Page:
Meeting professionals are classic control freaks. Many of us have spent so much time fixating on details and taking pride in being good at them, that it can be hard to take a different view of our work -- or anything else for that matter. Then we take on more responsibilities, or we get a promotion, and we find that we can no longer hang on to the minutia that gave us so much validation up until then.
When I became an independent planner years ago, I intended my business model to remain centrally small but with fluid project teams. Meaning, I would put together varying groups of experts who represented the specific knowledge and experience that the project demanded. This allowed me to pull from the best talent available, but it also required that I think like a delegator. That's a hard thing to do when your history is logistical and your future depends on being strategic. But, that's the reality we all face on some level or another.
Here are some things I learned in the process of transitioning from a team player to a team leader.
Face your fear. Maybe things won't be done the way that you would have done them, and maybe you will remain adamantly convinced that they weren't done as well. Maybe someone else will have to answer a question that before now would have come straight to you. Your value doesn't come from knowing all the answers; your value comes from knowing who does have them. Show respect for others' competencies by allowing them to shine.
Identify what it is that only you can do. These should all be things to which you personally bring the highest level of added value, and anything else can be delegated. As above, this requires a certain amount of fearlessness.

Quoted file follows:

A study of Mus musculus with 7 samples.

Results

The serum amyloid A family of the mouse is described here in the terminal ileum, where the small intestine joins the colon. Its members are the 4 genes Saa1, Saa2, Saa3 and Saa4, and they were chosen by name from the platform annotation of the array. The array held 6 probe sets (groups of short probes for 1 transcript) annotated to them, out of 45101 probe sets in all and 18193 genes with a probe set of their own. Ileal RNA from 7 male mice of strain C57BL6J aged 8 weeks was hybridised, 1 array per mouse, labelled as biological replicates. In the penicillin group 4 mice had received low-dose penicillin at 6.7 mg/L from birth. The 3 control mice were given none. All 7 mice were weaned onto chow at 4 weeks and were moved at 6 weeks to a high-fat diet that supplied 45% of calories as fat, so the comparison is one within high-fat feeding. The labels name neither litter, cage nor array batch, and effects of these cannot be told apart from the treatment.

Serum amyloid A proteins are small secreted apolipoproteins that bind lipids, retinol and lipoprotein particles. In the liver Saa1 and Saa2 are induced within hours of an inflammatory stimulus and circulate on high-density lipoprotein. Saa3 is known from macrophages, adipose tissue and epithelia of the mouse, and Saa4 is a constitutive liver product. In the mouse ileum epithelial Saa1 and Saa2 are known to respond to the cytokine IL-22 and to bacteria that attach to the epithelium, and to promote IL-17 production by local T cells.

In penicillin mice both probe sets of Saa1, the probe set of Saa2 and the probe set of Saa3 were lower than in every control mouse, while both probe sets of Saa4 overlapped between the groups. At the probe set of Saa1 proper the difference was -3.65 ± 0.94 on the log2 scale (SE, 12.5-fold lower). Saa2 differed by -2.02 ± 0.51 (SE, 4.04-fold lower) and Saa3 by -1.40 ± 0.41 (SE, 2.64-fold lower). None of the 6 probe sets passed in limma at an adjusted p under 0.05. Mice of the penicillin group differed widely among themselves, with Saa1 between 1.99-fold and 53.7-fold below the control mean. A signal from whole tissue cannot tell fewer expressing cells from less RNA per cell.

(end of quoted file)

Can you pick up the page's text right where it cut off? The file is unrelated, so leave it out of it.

Have simple reporting systems. View your deliverable product not as a meeting or program, but as information. Your critical role becomes knowing where the moving parts are located while not being the one in charge of their movement. Develop a task management program (something as simple as Excel is great for this) whereby you know where your team is at a given time. Not only does it help with supervision, but also it keeps your attention focused on the bigger picture.
These things sound so easy when you read about them, but shifting your mindset is not easy at all. There will be many times when you have to resist the urge to take back control. Don't do it! Start viewing control as understanding the big picture, the strategy and the overarching role you play in that strategy. Forget what you used to believe about control, which was knowing every single detail at any given moment. Not only will this shift silence your inner control freak, but it will improve the quality of your work product.
What have you learned about letting go of control? I'd like to hear your stories. Please comment below or email me at LizontheBiz@gmail.com.